How to Dry Gourds Grown this Spring
To assure that you do no damage to the body of the fruit, leave at least two inches of the stem intact when snipping or cutting the fruit off the vine. During the washing process, treat the fruit gently. Bruises cause discoloration and invite premature decay.
How to Dry Gourds Grown this Spring
Bring your gourds to the sink. Bath them in warm soapy water; rinse them off in plain water. Spray them down with a disinfectant. Well-diluted bleach does as good a job as any of the commercial spray products. Pat your gourds dry with cloth towels.
Once the gourds are clean and towel dried, the gourd preservation process has two more steps. For step one, find a dark, warm, dry space large enough to hold your collection. Darkness is crucial to maximizing color intensity.
Fan the gourds out on some newspaper so that none touch- circulating air will expedite drying and minimize the formation of mold. Once per day, give the gourds a spin and fresh newspaper if it appears damp. Any fruit that seems to be rotting should be weeded out and composted.
How long does it take to dry out gourds?
In six to ten days, your gourds will be dry. Gradually, their surfaces will harden and the natural colors will finalize.
Step two requires more patience. To begin this final drying phase, clean the fruit with disinfectant – again, diluted bleach is fine. Towel them dry thoroughly, but gently. Change your newspapers, and return the collection to their dark, warm, dry space. They will live there for at least a month.
Finishing a Gourd
After roughly a month of the second phase of the gourd drying process, your little beauties are ready for display as is, or to be finished in a variety of ways. Some people buff them out with paste wax; others prefer shellac, varnish, or polyurethane. The finish you choose will affect the color of the gourd, so choose your finish as you might during a woodworking project.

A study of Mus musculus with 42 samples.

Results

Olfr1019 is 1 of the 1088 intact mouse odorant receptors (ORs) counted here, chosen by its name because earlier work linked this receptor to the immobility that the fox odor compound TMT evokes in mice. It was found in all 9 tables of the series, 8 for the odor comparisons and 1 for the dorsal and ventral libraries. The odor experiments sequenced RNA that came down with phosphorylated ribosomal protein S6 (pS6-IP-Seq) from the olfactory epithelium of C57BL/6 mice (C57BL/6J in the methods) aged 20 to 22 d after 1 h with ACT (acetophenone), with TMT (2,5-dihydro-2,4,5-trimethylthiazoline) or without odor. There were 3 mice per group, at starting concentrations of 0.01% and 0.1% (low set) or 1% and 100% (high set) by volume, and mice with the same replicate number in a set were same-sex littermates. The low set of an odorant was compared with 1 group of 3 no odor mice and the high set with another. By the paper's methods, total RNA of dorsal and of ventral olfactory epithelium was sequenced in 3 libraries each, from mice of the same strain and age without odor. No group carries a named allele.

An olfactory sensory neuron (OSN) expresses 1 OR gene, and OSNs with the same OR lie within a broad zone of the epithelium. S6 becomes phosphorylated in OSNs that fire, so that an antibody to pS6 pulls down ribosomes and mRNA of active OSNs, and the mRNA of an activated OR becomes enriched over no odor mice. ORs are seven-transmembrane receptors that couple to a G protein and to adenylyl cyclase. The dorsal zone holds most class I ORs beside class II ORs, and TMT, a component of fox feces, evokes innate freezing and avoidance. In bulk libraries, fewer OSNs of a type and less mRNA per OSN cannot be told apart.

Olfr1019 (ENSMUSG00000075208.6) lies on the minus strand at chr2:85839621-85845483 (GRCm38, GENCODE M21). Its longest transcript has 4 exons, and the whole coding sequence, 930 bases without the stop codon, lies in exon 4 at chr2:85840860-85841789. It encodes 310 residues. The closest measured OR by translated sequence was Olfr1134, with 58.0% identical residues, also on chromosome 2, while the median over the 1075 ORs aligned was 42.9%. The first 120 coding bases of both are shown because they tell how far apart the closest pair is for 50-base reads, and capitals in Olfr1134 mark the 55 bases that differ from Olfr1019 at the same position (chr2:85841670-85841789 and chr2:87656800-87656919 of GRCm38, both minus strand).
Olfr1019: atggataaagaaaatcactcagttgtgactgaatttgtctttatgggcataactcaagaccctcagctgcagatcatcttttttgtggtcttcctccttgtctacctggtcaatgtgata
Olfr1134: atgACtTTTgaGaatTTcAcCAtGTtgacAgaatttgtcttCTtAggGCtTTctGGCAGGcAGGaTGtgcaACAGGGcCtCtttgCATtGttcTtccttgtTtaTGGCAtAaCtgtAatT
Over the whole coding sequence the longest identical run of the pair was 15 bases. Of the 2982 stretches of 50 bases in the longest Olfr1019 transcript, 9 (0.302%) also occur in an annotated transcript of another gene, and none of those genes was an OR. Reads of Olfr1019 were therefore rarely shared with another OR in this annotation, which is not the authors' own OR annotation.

How to Decorate Dried Gourds
You need not be constrained to the colors, textures, and patterns provided by nature, however. Before applying a final finish, many folk art workers grind, sand, or carve gourds using any of the tools appropriate for small woodcarving projects.
Acrylic paints work beautifully on dried gourds. Go ahead – paint that roly-poly yellow one into a red and white folk art Santa! Given the enormous range of shapes for small gourds, and their receptivity to glue and paint, carving, and a matte or gloss coat, the folk art possibilities presented by gourds are limited only by your imagination. If you like decoupage, break out the Mod Podge and paper; beaders, feel free to use the gourd as a form and glue some on. High-quality colored pencils work beautifully, too.
Once the crafter becomes comfortable with tools and techniques for shaping and painting the gourd, it is time for some imagination. Libraries, craft stores, and numerous blogs contain some incredible creative ideas for gourd folk art, such as:
- bowls, vases, and cornucopia for dried flower bouquets
- fall décor, natural centerpiece, and table decoration ideas
- painting folk art figurines, such as penguins and swans
- organic wedding decorations
- drums, maracas, and rattles
- Purple Martin birdhouses and bird feeders
- dippers, ladles, scoops, and drinking gourds
- winter décor, folk art Santas and other folk art Christmas ornaments
Although in the US we commonly associate gourds with the harvest season, in the Andes, gourds have made amazing Christmas folk art ornaments for centuries. The intricately carved, lushly colored, handcrafted, organic folk art Christmas ornaments made from gourds by artists in Peru are becoming increasingly popular and imitated by crafters all over the world.
Shaped like eggs, rockets, apples or pears; whether warty, fluked, dimpled or hooked, properly dried and coated ornamental gourds add baskets of folk art fun to winter and fall décor.